Japan court rejects startup of nuclear reactors

Anti-nuclear sentiment and the public's distrust to utility operators and authorities have persisted since the 2011 meltdowns at the Fukushima Dai-ichi nuclear power plant


The denial by the district court in Japan's nuclear energy hub of Fukui is the first since the crisis and comes as some Japanese reactors are in the final stages of safety screening before a restart, and plaintiffs and their anti-nuclear supporters say the court ruling could sway local acceptance.

Anti-nuclear sentiment and the public's distrust to utility operators and authorities have persisted since the 2011 meltdowns at the Fukushima Dai-ichi nuclear power plant, which caused more than 100,000 people to leave homes nearby due to radiation.


Nearly 200 people who live near the Ohi plant sued its operator in November 2012, and the court ordered it not to restart the two reactors. Kansai Electric Power Co. immediately appealed Wednesday's ruling. Technically, it can operate the reactors if they pass the safety standard while the case is pending.

Judge Hideaki Higuchi said the quake estimates for the reactors are too optimistic and the emergency safety measures and backups to secure the key cooling systems remain insufficient. The triple meltdowns at Fukushima were caused by the failures of the reactors' cooling systems after external power and backup generators were destroyed by the March 11, 2011, earthquake and tsunami.

Yuichi Kaido, a lawyer representing the plaintiffs, told a news conference he hoped the "sensible" court ruling would boost a phase-out of nuclear power in Japan. About 30 lawsuits against nuclear plants and utilities are pending nationwide, NHK public television reported.

Nuclear Regulation Authority Chairman Shunichi Tanaka said the ruling doesn't affect ongoing safety checks.

"We make a decision whether a reactor meets the current standard solely based on science and technology. After that, a decision is not ours," Tanaka said, meaning the startup is a government decision.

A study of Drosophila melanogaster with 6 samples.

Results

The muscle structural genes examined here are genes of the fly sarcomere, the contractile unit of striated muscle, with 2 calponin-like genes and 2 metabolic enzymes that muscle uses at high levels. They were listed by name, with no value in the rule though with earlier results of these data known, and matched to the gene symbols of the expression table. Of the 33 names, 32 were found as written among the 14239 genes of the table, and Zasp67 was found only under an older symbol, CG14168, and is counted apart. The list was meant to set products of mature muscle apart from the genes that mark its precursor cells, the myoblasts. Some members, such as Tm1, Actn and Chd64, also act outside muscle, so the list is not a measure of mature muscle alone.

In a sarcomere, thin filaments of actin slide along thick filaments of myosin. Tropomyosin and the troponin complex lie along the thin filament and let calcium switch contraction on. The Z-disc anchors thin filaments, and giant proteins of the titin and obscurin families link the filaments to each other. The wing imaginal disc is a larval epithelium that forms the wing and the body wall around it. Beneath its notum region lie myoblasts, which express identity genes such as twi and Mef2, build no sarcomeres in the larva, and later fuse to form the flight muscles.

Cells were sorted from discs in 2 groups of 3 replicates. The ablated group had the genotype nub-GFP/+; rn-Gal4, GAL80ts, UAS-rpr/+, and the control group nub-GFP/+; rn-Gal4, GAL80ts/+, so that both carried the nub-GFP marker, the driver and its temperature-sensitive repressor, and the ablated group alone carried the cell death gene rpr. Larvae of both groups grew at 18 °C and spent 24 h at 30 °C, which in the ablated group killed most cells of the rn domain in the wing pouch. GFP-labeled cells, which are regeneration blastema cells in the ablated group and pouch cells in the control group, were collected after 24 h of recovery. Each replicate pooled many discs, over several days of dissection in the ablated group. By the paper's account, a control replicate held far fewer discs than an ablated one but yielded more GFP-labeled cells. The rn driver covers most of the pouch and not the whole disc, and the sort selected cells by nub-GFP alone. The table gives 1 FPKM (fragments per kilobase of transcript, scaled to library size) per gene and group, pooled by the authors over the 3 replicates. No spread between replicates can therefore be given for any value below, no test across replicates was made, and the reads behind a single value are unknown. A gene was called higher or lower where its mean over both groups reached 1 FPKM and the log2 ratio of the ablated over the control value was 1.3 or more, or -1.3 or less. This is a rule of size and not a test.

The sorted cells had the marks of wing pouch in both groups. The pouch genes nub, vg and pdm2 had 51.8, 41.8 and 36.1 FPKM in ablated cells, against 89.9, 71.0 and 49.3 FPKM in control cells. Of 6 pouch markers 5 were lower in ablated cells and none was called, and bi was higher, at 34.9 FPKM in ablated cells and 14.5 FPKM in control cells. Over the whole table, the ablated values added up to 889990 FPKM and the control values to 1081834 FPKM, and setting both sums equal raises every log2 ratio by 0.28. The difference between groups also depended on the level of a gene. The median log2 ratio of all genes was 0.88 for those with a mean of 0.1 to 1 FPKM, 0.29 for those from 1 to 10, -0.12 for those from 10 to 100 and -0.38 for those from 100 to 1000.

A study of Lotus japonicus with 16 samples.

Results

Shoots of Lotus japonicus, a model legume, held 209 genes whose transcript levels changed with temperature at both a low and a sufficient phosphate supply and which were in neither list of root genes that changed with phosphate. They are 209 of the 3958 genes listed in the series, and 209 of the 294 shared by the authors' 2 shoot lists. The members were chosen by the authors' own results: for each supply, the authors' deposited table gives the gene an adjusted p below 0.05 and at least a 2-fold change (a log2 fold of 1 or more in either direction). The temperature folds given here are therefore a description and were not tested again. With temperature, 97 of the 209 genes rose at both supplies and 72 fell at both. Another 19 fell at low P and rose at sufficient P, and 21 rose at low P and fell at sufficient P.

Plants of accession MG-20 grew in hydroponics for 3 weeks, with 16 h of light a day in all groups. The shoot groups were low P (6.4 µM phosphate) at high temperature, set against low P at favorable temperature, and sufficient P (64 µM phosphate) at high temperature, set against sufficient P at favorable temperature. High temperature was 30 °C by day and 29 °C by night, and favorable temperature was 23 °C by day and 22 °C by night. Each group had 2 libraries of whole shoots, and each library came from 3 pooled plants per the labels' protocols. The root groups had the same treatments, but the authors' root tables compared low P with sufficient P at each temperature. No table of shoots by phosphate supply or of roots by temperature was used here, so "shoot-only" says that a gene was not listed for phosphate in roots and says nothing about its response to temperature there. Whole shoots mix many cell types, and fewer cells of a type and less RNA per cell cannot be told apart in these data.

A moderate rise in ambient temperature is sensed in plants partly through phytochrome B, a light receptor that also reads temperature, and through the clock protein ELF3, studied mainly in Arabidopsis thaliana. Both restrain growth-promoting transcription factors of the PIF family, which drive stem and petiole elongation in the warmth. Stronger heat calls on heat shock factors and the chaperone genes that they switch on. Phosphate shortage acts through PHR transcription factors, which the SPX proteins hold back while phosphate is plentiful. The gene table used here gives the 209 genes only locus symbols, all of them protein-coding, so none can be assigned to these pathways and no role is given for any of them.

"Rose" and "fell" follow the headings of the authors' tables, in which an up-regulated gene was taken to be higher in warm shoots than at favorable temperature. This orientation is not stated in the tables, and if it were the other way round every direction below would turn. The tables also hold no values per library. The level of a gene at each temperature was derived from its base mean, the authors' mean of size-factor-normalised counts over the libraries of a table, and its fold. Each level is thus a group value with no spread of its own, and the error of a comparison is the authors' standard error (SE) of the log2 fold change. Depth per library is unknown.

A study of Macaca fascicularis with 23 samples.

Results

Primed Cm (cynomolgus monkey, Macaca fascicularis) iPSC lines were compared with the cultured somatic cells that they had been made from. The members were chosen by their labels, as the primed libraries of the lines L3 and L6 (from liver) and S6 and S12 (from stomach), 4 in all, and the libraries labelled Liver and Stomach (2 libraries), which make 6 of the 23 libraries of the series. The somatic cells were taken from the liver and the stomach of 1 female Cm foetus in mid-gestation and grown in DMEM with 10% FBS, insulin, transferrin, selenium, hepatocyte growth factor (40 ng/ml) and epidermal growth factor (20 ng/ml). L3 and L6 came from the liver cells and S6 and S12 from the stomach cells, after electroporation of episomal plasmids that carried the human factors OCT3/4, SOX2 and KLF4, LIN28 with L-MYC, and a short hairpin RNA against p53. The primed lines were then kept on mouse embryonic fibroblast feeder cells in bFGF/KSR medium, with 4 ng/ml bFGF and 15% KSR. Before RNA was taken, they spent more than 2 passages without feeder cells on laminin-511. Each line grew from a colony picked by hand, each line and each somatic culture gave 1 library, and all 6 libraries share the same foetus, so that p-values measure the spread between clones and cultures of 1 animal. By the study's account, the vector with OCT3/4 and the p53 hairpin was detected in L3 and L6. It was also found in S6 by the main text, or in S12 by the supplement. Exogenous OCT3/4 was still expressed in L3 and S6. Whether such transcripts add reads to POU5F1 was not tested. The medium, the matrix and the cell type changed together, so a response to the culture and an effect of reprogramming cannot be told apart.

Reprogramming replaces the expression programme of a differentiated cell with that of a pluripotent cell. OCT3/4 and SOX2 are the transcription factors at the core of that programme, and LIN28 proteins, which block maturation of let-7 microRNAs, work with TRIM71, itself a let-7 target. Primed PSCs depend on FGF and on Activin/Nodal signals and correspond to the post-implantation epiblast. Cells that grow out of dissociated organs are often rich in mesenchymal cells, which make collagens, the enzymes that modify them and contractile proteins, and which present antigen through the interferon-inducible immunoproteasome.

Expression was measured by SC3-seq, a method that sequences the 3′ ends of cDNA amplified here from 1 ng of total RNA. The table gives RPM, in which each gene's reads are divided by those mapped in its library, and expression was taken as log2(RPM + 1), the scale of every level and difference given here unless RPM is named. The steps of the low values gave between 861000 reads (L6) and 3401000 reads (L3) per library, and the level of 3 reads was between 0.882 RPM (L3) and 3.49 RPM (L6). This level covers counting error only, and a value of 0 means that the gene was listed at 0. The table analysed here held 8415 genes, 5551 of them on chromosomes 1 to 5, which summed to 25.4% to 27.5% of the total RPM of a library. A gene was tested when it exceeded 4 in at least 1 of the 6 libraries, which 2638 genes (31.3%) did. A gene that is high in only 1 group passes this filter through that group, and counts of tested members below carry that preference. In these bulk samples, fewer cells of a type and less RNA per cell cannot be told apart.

Chief Cabinet Secretary Yoshihide Suga said the government stands by its policy to start up all reactors that cleared the regulatory standards: "I believe it is appropriate to restart reactors after objective safety judgment under the safety standard that we believe is the world's toughest."

At Fukushima Dai-ichi, its operator Tokyo Electric Power Co. began releasing groundwater pumped from the plant's least contaminated areas into the ocean, keeping the water separate from more-toxic water that the operator is struggling to store.

The 560 tons of groundwater had been deemed clean enough to release to the ocean without treatment. The bypass system is key to how water is managed at the plant as the volume of contaminated water continues to grow.

Nuclear experts and officials say storage space is running out and more-contaminated water must be also released into the sea eventually, but the public has strongly resisted.

TEPCO spokeswoman Mayumi Yoshida said the plant is continuing to pump groundwater for temporary storage, though the timing of the next release is undecided.

If effective, the bypass system could reduce the amount of groundwater inflow by up to one-quarter of the current 400-ton daily increase.